If you’re redesigning your home, you’re likely to be chomping at the bit to get started. But before diving straight in, it’s important to get an idea of the costs that are likely to be involved, so that you can plan financially.
I have a few plans for next year for our home – starting with our long-awaited garage conversion if we can get some money put aside. 😉
For a home redesign, you’re looking at paying anywhere between £700 and £1,000 per square metre. This average price range could be cheaper in less expensive parts of the country and possibly quite a bit higher in certain areas of London.
This is just a starting point, however; every home redesign is different and even two jobs that seem similar in principle can end up varying quite a bit in price – so estimating a one-size-fits-all price can be a bit tricky.
It’s worth considering the home improvements that will add value to your home before you start so you know where to prioritise your efforts.
What costs are involved?
There are quite a few costs involved in a home redesign. Firstly, you’ll probably need an architect to help draw up a plan of the project, as well as helping to advise on design ideas. Then, of course, there are the labour costs, which can include:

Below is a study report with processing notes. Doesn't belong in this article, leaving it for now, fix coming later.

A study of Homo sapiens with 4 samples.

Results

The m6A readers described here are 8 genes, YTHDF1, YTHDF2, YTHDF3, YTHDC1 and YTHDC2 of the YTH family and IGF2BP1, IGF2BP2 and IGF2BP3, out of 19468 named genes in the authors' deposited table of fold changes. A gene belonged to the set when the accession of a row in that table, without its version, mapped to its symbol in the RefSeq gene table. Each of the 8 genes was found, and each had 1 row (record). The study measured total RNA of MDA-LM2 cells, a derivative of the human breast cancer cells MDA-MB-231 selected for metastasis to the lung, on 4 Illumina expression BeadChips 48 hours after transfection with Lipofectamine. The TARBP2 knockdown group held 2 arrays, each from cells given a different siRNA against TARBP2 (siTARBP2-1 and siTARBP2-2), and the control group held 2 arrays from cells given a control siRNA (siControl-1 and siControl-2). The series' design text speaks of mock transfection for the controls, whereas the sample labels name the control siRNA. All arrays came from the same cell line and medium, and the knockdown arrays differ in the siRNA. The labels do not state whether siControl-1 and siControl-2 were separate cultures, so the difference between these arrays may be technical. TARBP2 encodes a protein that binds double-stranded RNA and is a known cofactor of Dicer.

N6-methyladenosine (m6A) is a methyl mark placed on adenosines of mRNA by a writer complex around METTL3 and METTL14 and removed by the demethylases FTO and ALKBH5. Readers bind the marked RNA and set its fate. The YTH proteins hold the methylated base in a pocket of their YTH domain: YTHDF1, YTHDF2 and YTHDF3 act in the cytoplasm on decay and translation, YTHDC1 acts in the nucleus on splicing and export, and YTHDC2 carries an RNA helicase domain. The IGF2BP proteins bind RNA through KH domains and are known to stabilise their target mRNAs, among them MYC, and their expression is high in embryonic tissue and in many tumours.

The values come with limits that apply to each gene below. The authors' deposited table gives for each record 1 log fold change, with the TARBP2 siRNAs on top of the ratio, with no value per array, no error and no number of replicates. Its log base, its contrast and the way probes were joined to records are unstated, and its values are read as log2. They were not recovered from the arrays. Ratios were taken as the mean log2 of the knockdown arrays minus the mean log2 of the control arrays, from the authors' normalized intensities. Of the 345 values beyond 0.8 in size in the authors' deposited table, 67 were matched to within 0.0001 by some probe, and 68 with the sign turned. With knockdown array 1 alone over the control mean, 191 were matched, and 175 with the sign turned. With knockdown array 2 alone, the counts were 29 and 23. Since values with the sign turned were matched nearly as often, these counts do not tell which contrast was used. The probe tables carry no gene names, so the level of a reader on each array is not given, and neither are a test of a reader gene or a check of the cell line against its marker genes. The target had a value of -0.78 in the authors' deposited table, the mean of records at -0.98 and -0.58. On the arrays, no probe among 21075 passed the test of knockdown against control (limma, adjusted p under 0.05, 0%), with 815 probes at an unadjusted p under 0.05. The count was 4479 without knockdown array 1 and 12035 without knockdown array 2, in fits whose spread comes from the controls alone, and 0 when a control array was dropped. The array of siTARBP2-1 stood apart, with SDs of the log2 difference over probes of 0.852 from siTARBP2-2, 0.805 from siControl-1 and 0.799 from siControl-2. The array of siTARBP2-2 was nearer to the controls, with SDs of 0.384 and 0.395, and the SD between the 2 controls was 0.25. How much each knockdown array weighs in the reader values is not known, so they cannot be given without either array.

- insulation fitting
- floor laying
You’ll also need to contract specialist tradespeople for things such as plumbing and electrics – a project manager may even be required if it’s a particularly big job. On top of this you’re going to have to shell out for parts and appliances.
Factors affecting cost
Even within the above costs, there can be quite a bit of discrepancy in price. One of the key factors involved in determining expense is quality. It is widely agreed that there are three levels of quality when it comes to home remodelling, these are:
This relates to components, such as tiles, and appliances, like fridges and cookers. As you might imagine, standard quality appliances are likely to cost less than those from a manufacturer of luxury white goods, like Fisher & Paykel. Similarly, bespoke components and fittings are likely to be pricier than stock options.
Another important cost determiner is the space being remodelled. While a sitting room, dining room or bedroom can be relatively straightforward to renovate, kitchens and bathrooms are often more complicated. These rooms need specialist attention and components, so can be more expensive as a result.
Once you’ve got a good idea of how much your redesign is going to cost you can go about setting your budget. As a rule of thumb, any budget should include a 15% contingency fund, to prepare you for any unexpected problems during the project.
Approximately 35% of the total cost of remodelling is labour. So, to keep costs down, you can substitute yourself into work on the areas you have the time and skills to complete competently – although it’s usually best to leave plumbing, gas and electrics to the professionals.
While you want to cut costs you should avoid cutting corners however. Spending a bit extra where necessary should help to ensure you’re happy with the finished product for many years to come.
Don’t miss out on future posts like this – receive updates directly to your inbox by email by adding your email address here and hitting subscribe. You can also follow me on Twitter, BlogLovin or Networked Blogs and I’d love to see you over on my Facebook page and on Instagram. You can find out more about me here.